Annular Modes

First, a mode of climate variability is just a long-term fluctuation of the climate, like El Nino, that isn’t just caused by the seasons. El Nino is caused from ocean-atmosphere interactions, but it is not annular though. What makes a mode annular is its shape. Annular modes are zonally symmetric: they follow lines of latitude. If you are above a pole and look down, an annular mode will just appear as a circle around you.

Annular mode response of the eddy kinetic energy is a circle around the South Pole (enclosed in blue) (Thompson and Barnes, 2014)

Earth has (at least) two types of modes (and so do Mars and Titan): Mode 1 is in the jet stream (zonal-wind, called the Northern/Southern annular mode [N/SAM]). The NAM describes changes in the position of the jet stream north to south (which is related to cold outbreaks).

The jet stream shifts north and south (blue arrows), signified by the positive and negative centers of action of the annular mode.

Mode two is in the eddies (deviations from the zonal-mean winds, called the Baroclinic annular modes [BAMs]). The BAMs describe the intensity of storms in the middle and high-latitudes (like Nor’easters or atmospheric rivers). Why care about annular modes? They explain the largest percentages of variance in the middle to high-latitude weather than any other climate mode. On Earth, the NAM is associated with anomalies in surface temp (the dreaded “polar vortex”), sea ice, or ozone concentration. The BAM impacts precipitation and clouds. So if modes can be predicted, then observable things that impact us can be predicted. I.e., if you can predict this single climate metric, you get a long way towards actually predicting the weather people care about. Now about modes on Mars. They share many similarities to Earth’s. Mars’s NAM describes shifts in the jet stream north and south (indicated by the red and blue blobs), and Mars’s BAMs describe the intensity of eddies. But, they each explain a lot more variance. A lot more. (Pic 3).

Mars’s annular mode in the northern hemisphere also indicates shifts of the jet stream north and south (Battalio and Lora, 2021)

Earth’s modes explain perhaps 25% of the variance in their described fields. Mars’s modes can explain up to 50% (or more). This is huge, because, again, if we can predict the modes, we might predict a lot of weather. But Mars’s modes have a super-cool bonus. First a one-sentence primer on Mars dust storms: Mars’s dust storms generally initiate in the north (from the same waves that are described by the BAMs) and stay there. But sometimes, something makes them travel south. (Pic 4)

Dust storm tracks on Mars as identified from the MDAD (Battalio and Wang, 2021).

We don’t exactly know what yet, but when they get to the south, they can grow to be very large, globally large. See my paper describing the Mars Dust Activity Database (Battalio and Wang, 2021) for everything you want to know about Mars’s dust storms. (Other twitter thread). This is important because just like precipitation links to Earth’s modes, dust relates to Mars’s modes. If you link Mars’s BAM to dust storms, dust storms peak before the BAM in the regions where they initiate. (This is like Earth’s BAM and precip, so not too surprising). (Pic 5)

Mars’s annular mode in the northern hemisphere also indicates shifts of the jet stream north and south (Battalio and Lora, 2021)

But… If you link them the other way, with the BAM leading the dust storms, the regions where the dust storms travel to and grow stands out. Something described by the mode at a given moment contains information about what the dust is going to do in the future. (Pic 6).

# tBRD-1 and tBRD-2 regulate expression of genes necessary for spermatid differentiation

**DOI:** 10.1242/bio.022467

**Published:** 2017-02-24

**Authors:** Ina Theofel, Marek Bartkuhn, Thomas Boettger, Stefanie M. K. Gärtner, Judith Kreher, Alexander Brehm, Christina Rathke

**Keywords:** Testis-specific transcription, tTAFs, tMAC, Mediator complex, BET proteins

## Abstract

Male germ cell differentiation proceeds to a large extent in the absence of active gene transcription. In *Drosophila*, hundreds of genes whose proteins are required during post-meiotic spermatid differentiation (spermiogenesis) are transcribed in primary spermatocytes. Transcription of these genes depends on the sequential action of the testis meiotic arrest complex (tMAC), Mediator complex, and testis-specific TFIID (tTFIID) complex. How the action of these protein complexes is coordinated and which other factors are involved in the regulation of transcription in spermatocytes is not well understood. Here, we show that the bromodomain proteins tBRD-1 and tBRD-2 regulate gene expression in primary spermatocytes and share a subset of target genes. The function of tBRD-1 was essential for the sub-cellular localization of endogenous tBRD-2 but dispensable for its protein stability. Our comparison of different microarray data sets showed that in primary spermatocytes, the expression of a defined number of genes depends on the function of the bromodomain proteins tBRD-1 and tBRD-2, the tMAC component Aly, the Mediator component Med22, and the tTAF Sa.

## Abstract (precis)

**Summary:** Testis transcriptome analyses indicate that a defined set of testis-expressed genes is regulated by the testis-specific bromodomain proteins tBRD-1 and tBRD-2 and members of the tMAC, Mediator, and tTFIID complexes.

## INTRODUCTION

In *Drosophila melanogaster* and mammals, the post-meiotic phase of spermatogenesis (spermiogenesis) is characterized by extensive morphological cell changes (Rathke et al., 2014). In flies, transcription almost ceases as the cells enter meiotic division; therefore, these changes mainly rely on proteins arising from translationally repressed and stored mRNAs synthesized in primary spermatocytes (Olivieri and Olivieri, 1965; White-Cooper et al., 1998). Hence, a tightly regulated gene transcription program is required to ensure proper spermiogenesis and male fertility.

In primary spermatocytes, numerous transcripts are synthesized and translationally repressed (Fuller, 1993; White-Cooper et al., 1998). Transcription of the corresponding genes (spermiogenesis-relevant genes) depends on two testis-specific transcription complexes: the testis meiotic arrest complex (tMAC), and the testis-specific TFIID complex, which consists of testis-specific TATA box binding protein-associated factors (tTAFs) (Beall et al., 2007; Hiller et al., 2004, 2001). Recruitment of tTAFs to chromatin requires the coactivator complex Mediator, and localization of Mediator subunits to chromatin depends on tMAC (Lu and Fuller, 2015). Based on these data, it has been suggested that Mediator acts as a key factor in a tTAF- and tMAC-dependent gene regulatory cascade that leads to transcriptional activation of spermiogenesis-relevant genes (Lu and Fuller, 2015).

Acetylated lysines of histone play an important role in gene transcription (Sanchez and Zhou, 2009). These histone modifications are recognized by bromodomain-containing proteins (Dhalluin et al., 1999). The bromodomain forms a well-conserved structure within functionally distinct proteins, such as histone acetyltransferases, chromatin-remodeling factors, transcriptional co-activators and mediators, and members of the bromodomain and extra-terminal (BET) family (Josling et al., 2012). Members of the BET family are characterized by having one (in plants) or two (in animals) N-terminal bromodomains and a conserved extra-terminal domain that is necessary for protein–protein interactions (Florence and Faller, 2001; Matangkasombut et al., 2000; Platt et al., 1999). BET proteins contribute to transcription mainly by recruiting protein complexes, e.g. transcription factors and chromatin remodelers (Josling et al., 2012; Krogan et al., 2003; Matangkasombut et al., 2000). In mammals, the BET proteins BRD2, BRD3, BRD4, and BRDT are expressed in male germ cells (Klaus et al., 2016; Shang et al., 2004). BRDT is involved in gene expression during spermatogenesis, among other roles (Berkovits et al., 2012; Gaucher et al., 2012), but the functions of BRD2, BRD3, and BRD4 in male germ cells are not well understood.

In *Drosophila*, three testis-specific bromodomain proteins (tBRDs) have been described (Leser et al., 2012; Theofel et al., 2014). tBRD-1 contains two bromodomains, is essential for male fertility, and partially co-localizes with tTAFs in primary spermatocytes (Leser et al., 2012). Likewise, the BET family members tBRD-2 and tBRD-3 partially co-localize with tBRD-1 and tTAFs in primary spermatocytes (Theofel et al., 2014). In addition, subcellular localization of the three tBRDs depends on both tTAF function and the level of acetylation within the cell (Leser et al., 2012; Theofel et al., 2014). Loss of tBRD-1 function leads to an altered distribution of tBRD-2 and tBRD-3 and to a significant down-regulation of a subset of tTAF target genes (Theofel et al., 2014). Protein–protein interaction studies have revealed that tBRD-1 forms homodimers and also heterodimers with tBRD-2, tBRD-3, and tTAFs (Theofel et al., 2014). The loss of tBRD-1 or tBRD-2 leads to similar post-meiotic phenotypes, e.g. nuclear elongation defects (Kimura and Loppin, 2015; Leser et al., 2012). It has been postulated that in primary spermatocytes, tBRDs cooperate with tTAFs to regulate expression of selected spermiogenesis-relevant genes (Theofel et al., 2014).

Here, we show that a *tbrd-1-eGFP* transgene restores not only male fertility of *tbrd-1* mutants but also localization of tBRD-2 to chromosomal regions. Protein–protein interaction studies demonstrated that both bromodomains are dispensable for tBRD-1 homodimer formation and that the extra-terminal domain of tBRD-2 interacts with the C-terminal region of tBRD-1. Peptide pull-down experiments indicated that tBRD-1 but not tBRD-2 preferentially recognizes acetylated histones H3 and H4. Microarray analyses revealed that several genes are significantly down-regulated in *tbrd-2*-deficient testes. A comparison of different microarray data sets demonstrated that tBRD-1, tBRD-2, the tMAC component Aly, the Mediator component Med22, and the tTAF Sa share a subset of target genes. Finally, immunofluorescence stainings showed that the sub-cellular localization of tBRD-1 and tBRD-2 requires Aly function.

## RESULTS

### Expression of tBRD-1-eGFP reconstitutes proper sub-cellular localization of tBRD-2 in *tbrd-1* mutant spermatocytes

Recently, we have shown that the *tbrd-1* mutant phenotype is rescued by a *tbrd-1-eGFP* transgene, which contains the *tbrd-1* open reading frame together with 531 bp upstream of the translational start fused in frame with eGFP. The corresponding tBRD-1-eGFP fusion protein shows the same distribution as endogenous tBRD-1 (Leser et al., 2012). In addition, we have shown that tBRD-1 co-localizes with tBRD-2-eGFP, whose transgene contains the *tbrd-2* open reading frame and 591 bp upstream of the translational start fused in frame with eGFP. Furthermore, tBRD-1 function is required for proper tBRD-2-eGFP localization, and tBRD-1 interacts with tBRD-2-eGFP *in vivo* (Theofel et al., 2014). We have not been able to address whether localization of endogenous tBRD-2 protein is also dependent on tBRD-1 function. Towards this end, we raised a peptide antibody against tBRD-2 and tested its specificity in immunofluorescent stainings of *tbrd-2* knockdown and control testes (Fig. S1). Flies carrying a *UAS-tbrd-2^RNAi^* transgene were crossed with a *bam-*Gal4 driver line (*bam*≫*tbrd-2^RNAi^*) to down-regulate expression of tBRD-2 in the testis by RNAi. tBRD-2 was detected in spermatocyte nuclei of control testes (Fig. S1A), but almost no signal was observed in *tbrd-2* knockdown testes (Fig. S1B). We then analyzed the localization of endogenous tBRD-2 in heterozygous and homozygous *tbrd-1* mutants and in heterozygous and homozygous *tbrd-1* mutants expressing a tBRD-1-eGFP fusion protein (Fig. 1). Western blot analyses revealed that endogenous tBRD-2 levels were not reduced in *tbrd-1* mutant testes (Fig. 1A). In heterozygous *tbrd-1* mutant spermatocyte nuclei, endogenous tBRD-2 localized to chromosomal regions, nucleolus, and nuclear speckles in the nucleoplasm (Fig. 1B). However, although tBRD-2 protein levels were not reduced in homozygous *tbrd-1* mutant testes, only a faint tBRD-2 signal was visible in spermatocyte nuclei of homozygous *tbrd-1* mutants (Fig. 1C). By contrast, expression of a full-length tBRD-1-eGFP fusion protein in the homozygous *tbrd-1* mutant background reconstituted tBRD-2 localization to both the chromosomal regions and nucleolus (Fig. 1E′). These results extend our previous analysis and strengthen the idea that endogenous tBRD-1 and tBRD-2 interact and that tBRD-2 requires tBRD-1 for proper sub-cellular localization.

Meaning you don’t need to predict the modes to get a prediction of weather like you do on Earth. On Mars, you just need to know what the modes and dust storms are doing right now to make a prediction.. With good enough observations of the Martian atmosphere, we might predict when the largest dust storms might happen days in the future without having to run a weather model at all. Aside: There’s other weirdness about Mars’s modes climate dynamicists will find interesting, but it’s not worth boring everyone else with here. Go read the paper and email me with questions: joseph.battalio[at]yale[dot]edu. Or look for my presentation at @theAGU this year. We’re not done yet. Now Titan’s modes: Titan has two types of annular modes too. The BAMs (again the ones describing eddy intensity) explain more variance, up to 50%. Titan’s NAM/SAM (the modes describing the jet stream) explain even more, up to 70%. But the NAM/SAM is weird. Instead of north-south shifts of Titan’s winds in the middle latitudes, the mode explains shifts up-down. The reasons for this are related to Titan’s jet being connected to its equatorial superrotation, which will have to be another tweet thread. (Pic 7)

Titan’s “barotropic” annular mode shows vertical displacements of the jet (yellow arrows) rather than horizontal shifts like Earth and Mars. Adapted from Battalio and Lora (2021).

What makes Titan’s modes particularly curious is that the BAM and NAM are related to each other because they are both related to methane storms, at least in our model. This is not how Earth’s modes are; they’re uncorrelated (because of other dynamics not worth going into here). Regardless, because Titan’s modes are correlated and each explain huge amounts of the changes in the atmosphere, if we can predict Titan’s modes, we may predict methane storms. This will be immensely helpful for the safety of Dragonfly in the 2030s. I’m working on making these predictions. I won a Mars Data Analysis Program grant this year to figure it out.

Dust storm sequence D06_01 from the Mars Dust Activity Database. The sequence is shown in green. Other storms are shown in black (Battalio and Wang, 2021).